Do you feel that you have a problem with food causing digestive symptoms? Have you have ever been tempted to pay for a test that claims to identify your food intolerance? Here, we have put together all you need to know about ‘food intolerance testing.’
There are a few tests that are widely marketed in a way that would suggest that they can test you for a food intolerance (at a price). Unfortunately, there is no evidence that these tests can successfully identify a food intolerance.
IgG Blood Test
IgG is a protein in the blood that functions as an antibody. These commerical tests look for IgG4 for many food groups in the blood. If a result is positive, it is advised that you remove that food from the diet.
There is no strong evidence that these tests accurately identify a food intolerance. In fact, allergy doctors have investigated these tests and they have shown that you’re more likely to be told you have a positive food intolerance to a food you consumer regularly, not one you’re intolerant too.
This test reports to identify how the muscles in your body respond when a vial food is held. There is no scientific basis for this test.
This is where a small sample of hair is sent to a laboratory for testing. It can be used to identify heavy metal poisoning and drug use over time, but there is no good evidence that it is a way of identifying a food intolerance.
This test is where white cells in the blood are mixed with different food groups. If the cells swell up, then you are told you are intolerant to that food group. There is no scientific basis for this test.
Vega (electrodermal) Test
This test measures electronic current when the body is exposed to a food item. There is no scientific basis for this test either.
You may hear people saying they feel a lot better once they removed a food that one of the above tests suggested they were intolerant to. Two of the common foods consumed in the UK are milk and wheat. In these intolerance tests, these two groups often prove positive. However, people with Irritable Bowel Syndrome (IBS) for example, can have intolerances to the lactose (a sugar in milk) and fructans (a carbohydrate in wheat). This explains why (for some people) symptoms may improve when removing these groups from their diet. But this doesn’t mean that completely excluding one or both of these food groups is fully necessary. For example, lactose free cow’s milk is suitable in IBS. Being overly restricted can risk malnutrition.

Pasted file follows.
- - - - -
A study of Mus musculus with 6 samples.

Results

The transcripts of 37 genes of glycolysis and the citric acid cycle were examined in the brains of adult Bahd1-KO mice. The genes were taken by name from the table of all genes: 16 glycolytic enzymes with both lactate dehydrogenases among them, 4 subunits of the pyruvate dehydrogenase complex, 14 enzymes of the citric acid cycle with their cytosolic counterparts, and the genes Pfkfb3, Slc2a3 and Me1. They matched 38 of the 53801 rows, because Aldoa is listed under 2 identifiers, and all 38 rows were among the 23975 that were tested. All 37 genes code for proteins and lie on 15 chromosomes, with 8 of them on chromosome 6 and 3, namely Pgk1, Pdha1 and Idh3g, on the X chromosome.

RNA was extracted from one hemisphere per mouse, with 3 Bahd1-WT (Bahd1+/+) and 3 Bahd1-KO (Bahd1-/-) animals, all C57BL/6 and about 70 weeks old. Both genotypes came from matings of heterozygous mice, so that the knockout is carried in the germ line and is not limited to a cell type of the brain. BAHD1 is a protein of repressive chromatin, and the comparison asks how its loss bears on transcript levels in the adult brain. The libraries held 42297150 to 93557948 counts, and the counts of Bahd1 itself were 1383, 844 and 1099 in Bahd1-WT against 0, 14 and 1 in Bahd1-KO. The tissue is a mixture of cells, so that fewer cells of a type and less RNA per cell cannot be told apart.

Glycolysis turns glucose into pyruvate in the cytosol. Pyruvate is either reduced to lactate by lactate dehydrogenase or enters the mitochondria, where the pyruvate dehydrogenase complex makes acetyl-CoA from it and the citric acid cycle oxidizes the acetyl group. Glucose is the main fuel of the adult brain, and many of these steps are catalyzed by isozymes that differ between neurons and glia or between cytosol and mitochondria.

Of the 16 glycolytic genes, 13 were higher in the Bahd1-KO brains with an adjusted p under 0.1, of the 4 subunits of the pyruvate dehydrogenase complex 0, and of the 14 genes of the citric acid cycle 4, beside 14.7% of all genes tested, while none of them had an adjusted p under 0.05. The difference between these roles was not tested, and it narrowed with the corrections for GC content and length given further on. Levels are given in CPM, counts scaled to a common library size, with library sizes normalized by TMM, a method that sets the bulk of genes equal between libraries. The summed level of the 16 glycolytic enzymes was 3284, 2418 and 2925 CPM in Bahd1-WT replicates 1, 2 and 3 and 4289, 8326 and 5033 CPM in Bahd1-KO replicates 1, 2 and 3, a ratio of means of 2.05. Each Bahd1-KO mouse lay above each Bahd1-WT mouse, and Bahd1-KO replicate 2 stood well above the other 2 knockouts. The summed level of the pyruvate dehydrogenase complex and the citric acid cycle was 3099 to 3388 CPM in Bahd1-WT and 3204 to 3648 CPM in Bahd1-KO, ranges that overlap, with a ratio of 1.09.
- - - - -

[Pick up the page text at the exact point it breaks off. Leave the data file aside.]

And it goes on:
The gold standard method of identifying a food intolerance is to exclude the food item. Symptoms should go when removing the food, and more importantly, reintroduce the food and symptoms should return.* No testing is needed and therefore, advice should be sought from a dietitian throughout the process. Ask your doctor to see a dietitian if this applies to you.
Perhaps more importantly, do no self-diagnose your symptoms. See your doctor before you change your diet to get the true cause of symptoms identified.
*This should not be attempted in food allergy or where allergy is suspected, please seek specialist advice.